Friday, January 27, 2012

La Costa Caribe, Colombia

This post is long overdue and laziness is the main culprit. First I was on holiday and didn't have much to write about, then I was travelling and I was too busy to write, and by the time I got back I'd got so used to not-writing that I just decided to carry on. However my time in Ibagué is drawing to a close and another travelling jaunt is nearly upon me and if I don't write up my time on the Caribbean coast now, I probably never will!

So:

First stop was Cartagena, a jewel of a city located about 500 miles almost directly north of Ibagué. Cartagena is one of the most-visited cities in Colombia and during high season, which is when we visited, it is heaving with tourists. This doesn't stop it from being incredibly attractive, although this is mostly limited to within the walls of the old city. The old city was much larger than I expected, with lots of long main thoroughfares criss-crossed with narrow, cobbled streets, and interspersed among them, wide plazas either filled with fountains, benches and greenery or dotted with statues and lined with imposing buildings. On our first evening we (I was travelling with Carole) went straight to the sea-facing ramparts to enjoy a cocktail and watch the sun go down, which was a beautifully relaxing way to start the holiday.
The rest of our time in Cartagena, and in fact most of our time on the coast, continued in the same leisurely vein. On our second day in Cartagena we walked again through 'El Centro' and out to the Caribbean sea, which lies just past a main road circling the old city. There aren't really any beaches but there were a couple of small spots with some sand, and we found one of these, did some paddling and collected shells.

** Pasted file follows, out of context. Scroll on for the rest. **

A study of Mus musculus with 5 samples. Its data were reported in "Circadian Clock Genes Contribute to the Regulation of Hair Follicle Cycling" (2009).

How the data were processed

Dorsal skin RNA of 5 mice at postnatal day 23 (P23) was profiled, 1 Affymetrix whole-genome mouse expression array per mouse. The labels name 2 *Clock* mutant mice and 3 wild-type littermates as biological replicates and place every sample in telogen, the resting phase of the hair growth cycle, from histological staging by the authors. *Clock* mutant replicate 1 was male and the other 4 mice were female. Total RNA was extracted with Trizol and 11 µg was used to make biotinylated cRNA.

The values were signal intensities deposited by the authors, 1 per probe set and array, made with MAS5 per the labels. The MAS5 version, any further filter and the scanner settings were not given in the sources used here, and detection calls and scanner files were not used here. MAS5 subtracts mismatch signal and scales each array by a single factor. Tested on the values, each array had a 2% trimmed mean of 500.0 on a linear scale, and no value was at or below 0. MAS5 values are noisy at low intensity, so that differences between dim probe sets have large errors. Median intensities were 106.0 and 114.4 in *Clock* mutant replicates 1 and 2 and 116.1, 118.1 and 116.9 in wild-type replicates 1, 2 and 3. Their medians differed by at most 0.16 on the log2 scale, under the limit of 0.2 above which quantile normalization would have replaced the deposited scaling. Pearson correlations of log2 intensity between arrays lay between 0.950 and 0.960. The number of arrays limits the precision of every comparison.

The next day featured more of the same, wandering through the city and just enjoying the sights, although we spent the morning of that day in an entirely different way - bathing in the mud volcano of El Totumo. It was a very strange experience, the mud is so viscous you can barely move through it and have to be literally pushed around by a group of men whose job it is to spend all day in the volcano doing just that! Afterwards we washed ourselves clean in a nearby lake and had a delicious lunch in a neighbouring village at a restaurant with a lovely view of the sea.







































































Then we travelled east to Santa Marta. Not as pretty as Cartagena but then it had beaches so it didn't need to be, and there was a space and breeziness to it which was quite refreshing. We spent most of our time in Santa Marta either on the beach or in the sea, and it was lovely. We also saw in 2012 there on a rocky jetty accompanied by some of the other ICYE volunteers and were promised fireworks but we didn't see anything. Still, we made enough noise ourselves to make up for it, singing and whooping and having a brilliant time. We prefaced this with dinner at a Middle Eastern restaurant (where I actually had a semi-decent mezze) and then afterwards went on to a club 'La Puerta' where we danced until the early hours.














Further east from Santa Marta is the small fishing village of Taganga and Parque Tayrona, which is where we spent the final days of our holiday. Taganga was a continuation of what we'd been doing in Santa Marta: sunbathing, swimming in the sea and relaxing.














Tayrona however was a little different, firstly it's a Parque Nacional so we had to get a bus there, pay our entrance fee, get bussed further in and then walk for a good hour through a very muddy rainforest to get to where we were staying. Then the beaches are wild, rugged and bordered by mountains. And the sea in some parts is rough, too dangerous to swim in, and you can tell by the size and sound of the waves crashing on the shore. It was very beautiful and very crowded. It was bizarre to be in such an untainted landscape and to be accompanied by so many other tourists, you felt it should just be you, the sea and the sand crabs.
Our time in Tayrona was too short really, but we had to get back and although it was very pretty we were staying in hammocks, and one night in a hammock is more than enough for me! So, we made the tortuous trip back through the rainforest, the buses weren't running so we had to walk even further on the way back, and all in all it was quite nice to be back on the bus heading back to Ibagué and a comfortable bed.